Birthday: April 10, 1927
Died At Age: 82
Sun Sign: Aries
Born in: Brooklyn, New York City, New York, United States
Famous as: Biochemist and Geneticist
Died on: January 15, 2010
City: New York City
U.S. State: New Yorkers
awards: 1968 - Nobel Prize in Physiology or Medicine
1968 - Louisa Gross Horwitz Prize
1968 - Albert Lasker Award for Basic Medical Research
1967 - Gairdner Foundation International Award
1962 - NAS Award in Molecular Biology
1965 - National Medal of Science for Biological Sciences
Marshall W. Nirenberg was an American biochemist and geneticist who shared the Nobel Prize in Physiology or Medicine in 1968 with Har Gobind Khorana and Robert W. Holley for "breaking the genetic code." He also won several other prestigious awards for his contributions to genetics and biochemistry. Born in New York City, he developed an early interest in biology. As a young man he attended the University of Florida at Gainesville from where he earned his B. Sc. and M. Sc. degrees in Zoology before working for his Ph. D. degree from the Department of Biological Chemistry at the University of Michigan. He eventually became a research biochemist at the National Institutes of Health (NIH) where he initially focused his research on DNA, RNA and protein. In collaboration with H. Matthaei he demonstrated that messenger RNA is required for protein synthesis and that synthetic messenger RNA preparations can be used to decipher various aspects of the genetic code. His groundbreaking research led to his appointment as the head of the Section of Biochemical Genetics at the National Heart Institute, a position he served in until his death decades later. His later research focused on neuroscience, neural development, and the homeobox genes.
Childhood & Early Life
Marshall Warren Nirenberg was born on April 10, 1927, in New York City, to Minerva (Bykowsky) and Harry Edward Nirenberg, a shirtmaker. His family shifted to Florida when he was a young boy.
He developed an interest in biology early on. He enrolled at the University of Florida at Gainesville and earned his B. Sc. degree in 1948 and a master's degree in zoology in 1952. He was also a member of the Pi Lambda Phi Fraternity.
As a college student he became interested in biochemistry. He furthered his education at the University of Michigan, Ann Arbor, and earned his doctorate from the Department of Biological Chemistry in 1957. His Ph.D. thesis was on the study of a permease for hexose transport in ascites tumor cells.
He began to study the steps that relate DNA, RNA and protein in 1959. By this time, previous experiments by other scientists had had shown DNA to be the molecule of genetic information. However, it was not known how DNA directed the expression of proteins, or what role RNA had in these processes.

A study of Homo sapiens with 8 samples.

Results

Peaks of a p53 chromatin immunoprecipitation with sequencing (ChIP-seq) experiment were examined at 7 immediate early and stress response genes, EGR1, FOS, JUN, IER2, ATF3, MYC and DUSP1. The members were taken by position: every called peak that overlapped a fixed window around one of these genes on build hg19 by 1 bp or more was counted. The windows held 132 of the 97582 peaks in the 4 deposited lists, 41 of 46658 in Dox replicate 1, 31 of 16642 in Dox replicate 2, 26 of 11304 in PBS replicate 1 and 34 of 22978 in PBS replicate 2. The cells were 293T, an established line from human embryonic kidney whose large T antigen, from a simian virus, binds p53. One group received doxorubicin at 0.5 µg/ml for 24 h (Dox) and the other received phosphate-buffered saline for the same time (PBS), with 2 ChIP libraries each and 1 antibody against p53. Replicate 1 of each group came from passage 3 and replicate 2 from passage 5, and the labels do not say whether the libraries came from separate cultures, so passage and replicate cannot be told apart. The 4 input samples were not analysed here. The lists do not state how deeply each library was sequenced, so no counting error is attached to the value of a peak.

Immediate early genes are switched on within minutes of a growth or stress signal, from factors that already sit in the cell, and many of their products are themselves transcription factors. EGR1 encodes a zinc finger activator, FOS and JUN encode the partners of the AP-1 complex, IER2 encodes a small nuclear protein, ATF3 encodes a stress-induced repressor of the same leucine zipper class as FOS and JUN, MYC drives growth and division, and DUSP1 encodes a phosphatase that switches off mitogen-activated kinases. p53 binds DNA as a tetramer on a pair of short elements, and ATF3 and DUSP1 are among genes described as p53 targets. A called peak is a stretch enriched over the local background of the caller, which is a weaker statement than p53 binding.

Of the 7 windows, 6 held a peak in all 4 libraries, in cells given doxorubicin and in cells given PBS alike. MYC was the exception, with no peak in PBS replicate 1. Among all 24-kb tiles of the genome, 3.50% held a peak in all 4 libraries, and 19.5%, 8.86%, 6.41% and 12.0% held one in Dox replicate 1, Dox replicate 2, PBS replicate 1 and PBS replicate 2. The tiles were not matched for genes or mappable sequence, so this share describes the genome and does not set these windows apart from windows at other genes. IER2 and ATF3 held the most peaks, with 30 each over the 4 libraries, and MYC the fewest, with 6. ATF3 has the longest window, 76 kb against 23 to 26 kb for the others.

Nirenberg teamed up with his colleague, the German scientist Heinrich Matthaei, to solve the genetic code and demonstrated that messenger RNA is required for protein synthesis and that synthetic messenger RNA preparations can be used to decipher various aspects of the genetic code.
He was able to establish the rules by which the genetic information in DNA is translated into proteins, and identified the particular codons—a codon is a sequence of three chemical units of DNA—that specify each of the 20 amino acid units of which protein molecules are constructed.
He presented his findings before a small group of scientists at the International Congress of Biochemistry in Moscow in 1961. His discoveries were of great significance to the scientific fraternity and he quickly gained attention for the work he was doing.
In 1962, Nirenberg was promoted to the head of the Section of Biochemical Genetics in the National Heart Institute (now the National Heart, Lung, and Blood Institute), a position he held until his death.
He switched to neurobiology during his later years and performed studies on neuroscience, neural development, and the homeobox genes.
Marshall Nirenberg in collaboration with Heinrich Matthaei became the first team to elucidate the nature of a codon, in 1961, at the National Institutes of Health. Using a cell-free system to translate a poly-uracil RNA sequence, they discovered that the polypeptide that they had synthesized consisted of only the amino acid phenylalanine. This discovery led to the deduction that the codon UUU specified the amino acid phenylalanine.
Awards & Achievements
In 1964 he was awarded the National Medal of Science and in 1968, the National Medal of Honor by President Lyndon B. Johnson. He also won the Albert Lasker Award for Basic Medical Research in 1968.
Marshall W. Nirenberg along with Robert W. Holley and Har Gobind Khorana was awarded the Nobel Prize in Physiology or Medicine 1968 "for their interpretation of the genetic code and its function in protein synthesis".
Personal Life & Legacy
Marshall Nirenberg married Perola Zaltzman, a chemist from the University of Brazil, Rio de Janeiro, in 1961. His wife died in 2001 after 40 years of marriage.
He tied the knot for the second time with Myrna M. Weissman, Professor of Epidemiology and Psychiatry at Columbia University College of Physicians and Surgeons in 2005. He had four stepchildren from this marriage.
He suffered from cancer during his last months and died on January 15, 2010, aged 82.